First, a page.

Methods of Linkbuilding
The most important way to get links is to have a site that people want to link to. When you have useful information on your site, others will naturally link to it. If your Jacksonville antique store has a worthwhile discussion of Art Deco furniture, for example, other websites discussing Art Deco will use it as a reference. If your site has a tool that helps people figure out where to place antique furniture in their homes (since antiques are often different in size and shape from contemporary styles), then decorating sites are likely to link to it.
Talk to Oyova if your site isn’t the kind that encourages people to link — or you have an idea for a clever tool or game. Those things can be the most appealing linkbait, and we have the skills to build them for you.
Paid and Trade
Buying links and pretending they’re organic is a bad idea, but buying ads at other sites can send traffic and get your site known. As long as you make it clear that your link is an ad, there’s no penalty from search engines. We’ve seen banner ads or square sidebar ads in the right places produce great results. Be sure to ask for a website’s stats before you pay for your ad.
Trades are also called “reciprocal links.” Sometimes it’s a matter of swapping links with an associate. Your antique store, for example, might trade links with a decorator or a home decor shop. Directories and blog rings also often ask for a link back when they link to you, as do some professional organizations. If the site you link to is a good quality site and the link isn’t too obtrusive, this can be a good thing to do. Just don’t go overboard.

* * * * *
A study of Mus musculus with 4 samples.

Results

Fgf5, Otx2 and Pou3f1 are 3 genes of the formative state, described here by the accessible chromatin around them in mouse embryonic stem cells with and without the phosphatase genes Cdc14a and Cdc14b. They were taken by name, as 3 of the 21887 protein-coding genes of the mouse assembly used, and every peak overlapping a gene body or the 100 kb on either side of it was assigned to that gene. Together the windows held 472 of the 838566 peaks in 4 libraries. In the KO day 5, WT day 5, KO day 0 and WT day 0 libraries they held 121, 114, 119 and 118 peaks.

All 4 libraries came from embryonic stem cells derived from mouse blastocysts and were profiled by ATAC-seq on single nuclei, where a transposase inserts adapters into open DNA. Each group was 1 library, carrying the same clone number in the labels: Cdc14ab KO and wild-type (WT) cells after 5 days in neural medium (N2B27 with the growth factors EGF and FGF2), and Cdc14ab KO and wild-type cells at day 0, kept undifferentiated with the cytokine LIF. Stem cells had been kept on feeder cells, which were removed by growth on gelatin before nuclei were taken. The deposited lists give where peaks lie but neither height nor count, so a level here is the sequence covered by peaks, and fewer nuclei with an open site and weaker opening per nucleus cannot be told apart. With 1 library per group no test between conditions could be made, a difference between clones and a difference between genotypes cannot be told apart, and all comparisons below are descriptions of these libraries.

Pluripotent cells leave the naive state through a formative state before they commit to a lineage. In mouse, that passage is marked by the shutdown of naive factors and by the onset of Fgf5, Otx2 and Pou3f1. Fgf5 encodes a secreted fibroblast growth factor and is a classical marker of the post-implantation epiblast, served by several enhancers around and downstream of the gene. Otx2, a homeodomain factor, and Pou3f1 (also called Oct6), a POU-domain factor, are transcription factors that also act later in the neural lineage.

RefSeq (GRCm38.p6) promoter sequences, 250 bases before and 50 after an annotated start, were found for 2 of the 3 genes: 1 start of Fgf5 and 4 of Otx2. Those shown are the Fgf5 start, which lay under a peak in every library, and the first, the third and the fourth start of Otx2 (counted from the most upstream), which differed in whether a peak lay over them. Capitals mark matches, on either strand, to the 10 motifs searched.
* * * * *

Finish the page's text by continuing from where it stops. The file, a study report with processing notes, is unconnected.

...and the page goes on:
Search engines don’t give you as much credit for paid and reciprocal links as for natural links, but they often provide good traffic to your site. After all, if the people at the other site are interested in the same things your visitors are interested in, they’re likely to enjoy your site as well.
When you participate in social media at social sites like Facebook or LinkedIn, join the conversation on a forum, or make a useful comment on a blog, you can often sign with a link to your site. Again, these links may not be counted by search engines (some sites specifically tag these links “nofollow,” telling search engines to ignore them) but they can bring you good traffic. They can also increase your overall online visibility and encourage others to link to your site naturally.
You can ask for links, and you may get them, too, if you have something to offer the visitors to a website. For example, if you find a Florida tourist information website that lists antique stores, you can write to the webmaster and suggest that your website belongs on the list. If you have a page explaining how to care for antique furniture, you can suggest to a site about homemaking that they should link to that page of your website. Write an email specifically to the webmaster or owner of the site, using his or her name if at all possible, and explain why you think your website would provide value for the site’s visitors.
This is different from reciprocal linking; you’re just pointing out a page that you think the other site would naturally choose to link to. You’re drawing attention to your link bait and asking for a link that the other site overlooked.
Put in an hour or so a week, and you’ll be rewarded with better rankings, more traffic, and brisker business.